New balance of power spurs move toward hires with GOP connections
The end of the Pawlenty administration and the change in political control at the state Legislature are already transforming the lobbying world at the state Capitol.
After a relatively quiet summer with few changes in state agency leadership, high-profile commissioners and other top officials in the governor’s office are heading for the exits. They have moved into the private sector just as the demand for lobbyists with strong GOP ties has begun to spike in the wake of November 2’s results.
“The industry tends to mirror the makeup of the Legislature,” averred long-time lobbyist Todd Hill, a principal at the Cook Hill Girard Associates firm. “Now, with Republicans in control, the industry may lean toward Republicans.”
Many lobbyists have partisan backgrounds. But they usually don’t operate in a partisan manner. Clients tend to value a lobbyist’s partisan background for the contacts it promises rather than as a matter of ideological allegiance. And it’s always in the interest of lobbyists to build relationships on both sides of the partisan divide. As industry veteran John Kaul noted, the party in the minority during one cycle may be in the majority the next time around.
“The thing to avoid for anybody in public office and lobbyists is hubris,” Kaul said. “About the time you think you know what will happen, you get punished by forces you can’t understand.”
The population of lobbyists and lobbying firms has increased in the last decade as the size of the state budget – and the complexity of health care and other policy issues – has grown. In 2006, the Minneapolis law firm Fredrikson & Byron hired state Human Services Commissioner Kevin Goodno to launch a government relations practice. Fredrikson currently employs five lobbyists with backgrounds on both sides of the aisle.
Now, as the Pawlenty administration comes to a close, commissioners and aides are joining or starting lobbying firms. It remains to be seen if there are enough clients to keep the growing number of lobbyists employed. Goodno noted that lobbyists who develop expertise will have futures.
“The market takes care of itself. People who are able to set up a niche – they will likely grow,” Goodno said.
One veteran lobbyist said the local scene is becoming an unbalanced environment in which a bad economy and diminished lobbying budgets are effectively conspiring against the efforts of a growing lobbyist corps.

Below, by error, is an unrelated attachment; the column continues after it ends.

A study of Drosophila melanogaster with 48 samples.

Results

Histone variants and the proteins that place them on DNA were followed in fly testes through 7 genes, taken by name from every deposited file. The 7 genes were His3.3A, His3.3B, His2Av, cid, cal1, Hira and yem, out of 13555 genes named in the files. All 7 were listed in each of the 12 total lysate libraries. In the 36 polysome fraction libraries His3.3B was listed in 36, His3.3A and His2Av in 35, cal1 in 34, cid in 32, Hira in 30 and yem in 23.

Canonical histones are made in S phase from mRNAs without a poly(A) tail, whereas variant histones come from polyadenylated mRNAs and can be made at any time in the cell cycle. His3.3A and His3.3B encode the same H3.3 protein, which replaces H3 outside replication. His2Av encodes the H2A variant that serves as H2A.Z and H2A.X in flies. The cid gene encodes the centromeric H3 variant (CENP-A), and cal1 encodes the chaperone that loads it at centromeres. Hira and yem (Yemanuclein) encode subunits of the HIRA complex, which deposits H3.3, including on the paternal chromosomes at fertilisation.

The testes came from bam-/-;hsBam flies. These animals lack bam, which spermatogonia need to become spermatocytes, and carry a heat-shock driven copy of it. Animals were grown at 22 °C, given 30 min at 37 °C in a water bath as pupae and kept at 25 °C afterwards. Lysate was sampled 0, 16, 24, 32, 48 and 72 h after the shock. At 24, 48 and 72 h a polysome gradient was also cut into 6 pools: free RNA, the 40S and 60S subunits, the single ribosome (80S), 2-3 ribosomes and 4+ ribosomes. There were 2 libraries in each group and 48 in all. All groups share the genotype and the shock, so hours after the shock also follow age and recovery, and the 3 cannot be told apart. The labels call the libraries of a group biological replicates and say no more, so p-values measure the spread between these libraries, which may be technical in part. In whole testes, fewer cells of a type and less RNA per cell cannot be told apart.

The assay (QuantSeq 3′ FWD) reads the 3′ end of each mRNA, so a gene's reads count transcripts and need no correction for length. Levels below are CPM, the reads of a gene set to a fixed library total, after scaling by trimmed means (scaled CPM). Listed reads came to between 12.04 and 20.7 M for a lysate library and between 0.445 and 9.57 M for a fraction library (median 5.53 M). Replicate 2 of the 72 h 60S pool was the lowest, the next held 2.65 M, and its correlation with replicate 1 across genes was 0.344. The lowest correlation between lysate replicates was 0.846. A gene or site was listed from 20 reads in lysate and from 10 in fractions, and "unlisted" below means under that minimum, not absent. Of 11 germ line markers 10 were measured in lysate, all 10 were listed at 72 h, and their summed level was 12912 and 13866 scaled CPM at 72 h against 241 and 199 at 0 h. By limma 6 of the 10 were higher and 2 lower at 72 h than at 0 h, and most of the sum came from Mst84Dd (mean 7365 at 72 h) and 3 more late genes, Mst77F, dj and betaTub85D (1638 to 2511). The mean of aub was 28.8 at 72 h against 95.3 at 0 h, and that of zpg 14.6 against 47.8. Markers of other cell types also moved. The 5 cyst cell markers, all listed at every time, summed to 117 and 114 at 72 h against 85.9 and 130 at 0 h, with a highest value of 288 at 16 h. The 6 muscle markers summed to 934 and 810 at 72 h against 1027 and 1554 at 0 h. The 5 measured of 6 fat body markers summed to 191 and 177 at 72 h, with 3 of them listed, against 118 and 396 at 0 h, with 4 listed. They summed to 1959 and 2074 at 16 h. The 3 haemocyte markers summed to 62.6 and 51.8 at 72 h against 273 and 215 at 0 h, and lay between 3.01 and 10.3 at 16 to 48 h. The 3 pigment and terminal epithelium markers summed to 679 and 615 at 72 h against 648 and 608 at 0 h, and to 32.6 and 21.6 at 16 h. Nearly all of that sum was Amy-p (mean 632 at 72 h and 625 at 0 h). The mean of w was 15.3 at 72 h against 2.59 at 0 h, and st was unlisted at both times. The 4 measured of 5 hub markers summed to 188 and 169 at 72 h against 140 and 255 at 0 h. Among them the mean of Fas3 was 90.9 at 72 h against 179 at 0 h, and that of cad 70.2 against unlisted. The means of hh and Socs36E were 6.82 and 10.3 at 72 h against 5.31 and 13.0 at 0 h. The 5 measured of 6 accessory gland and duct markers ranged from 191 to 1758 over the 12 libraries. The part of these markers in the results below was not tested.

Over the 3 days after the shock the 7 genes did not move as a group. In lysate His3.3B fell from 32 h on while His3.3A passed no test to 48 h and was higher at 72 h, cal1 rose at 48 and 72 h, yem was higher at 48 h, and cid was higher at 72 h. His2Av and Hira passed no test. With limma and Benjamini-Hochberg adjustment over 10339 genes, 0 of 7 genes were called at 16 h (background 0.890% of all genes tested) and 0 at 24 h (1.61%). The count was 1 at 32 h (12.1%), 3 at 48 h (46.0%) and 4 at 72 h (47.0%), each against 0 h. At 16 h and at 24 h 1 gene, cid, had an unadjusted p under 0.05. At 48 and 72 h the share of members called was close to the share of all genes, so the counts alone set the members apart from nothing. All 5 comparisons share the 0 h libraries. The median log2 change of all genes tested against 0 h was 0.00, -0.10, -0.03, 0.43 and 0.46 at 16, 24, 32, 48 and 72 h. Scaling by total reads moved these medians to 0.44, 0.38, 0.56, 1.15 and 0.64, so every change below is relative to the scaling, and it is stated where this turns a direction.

“It’s a law of supply and demand,” the source said, “and that’s the one law you can’t repeal. Unless there is a brand new burst of business, it will stay very competitive.”
Ted Grindal, the partner in charge of government relations at the Lockridge Grindal Nauen firm, echoed those sentiments about the competitive milieu.
“There already is a lot of competition,” Grindal noted. “In some ways [the influx of lobbyists from the Pawlenty administration] is a new wrinkle.”
The competition among lobbyists has already had a hand in suppressing price increases that lobbyists might otherwise charge for their services, he said.
Three key members of the Pawlenty administration – Tom Hanson, Ward Einess and Dan McElroy – have already announced they are going into lobbying. Aside from their political backgrounds, they have in-depth knowledge of the state budget that will be in demand as state lawmakers contend with an unprecedented $6.2 billion deficit.
Hanson, the Minnesota Management and Budget Department commissioner, left the agency on Wednesday to lobby for the Minneapolis-based law firm of Winthrop & Weinstine. He’s a lawyer who has worked with Pawlenty dating back to the days when Hanson was a partisan House staffer and Pawlenty was a Republican House rep from Eagan.
Hanson joins a lobbying team at Winthrop that is already Republican-heavy. Republican John Knapp leads the firm’s government relations practice, which includes former GOP legislative staffer Christine Zimmer.
Einess, who has been Minnesota’s Revenue Commissioner throughout Pawlenty’s second term, is finishing his last week on the job and will launch his own public affairs shop. He served stints as the commissioner of Employment and Economic Development (DEED) and as a senior policy adviser in Pawlenty’s office. He was also director of fiscal policy at the Minnesota Business Partnership before working in the Pawlenty administration.
McElroy, the current DEED commissioner, will do association work as the executive director of Hospitality Minnesota. Like Hanson and Einess, McElroy has a deep understanding of the intricacies of the state’s general fund from his stints as a Republican House member and as Pawlenty’s chief of staff and Department of Finance commissioner.
They aren’t the only Pawlenty administration veterans who have moved to the lobbying/PR business as the governor’s exit has approached:
These former administration officials have long-standing relationships with the new GOP legislative leadership. They also have experience negotiating with DFLers who have controlled the Legislature for the past several years.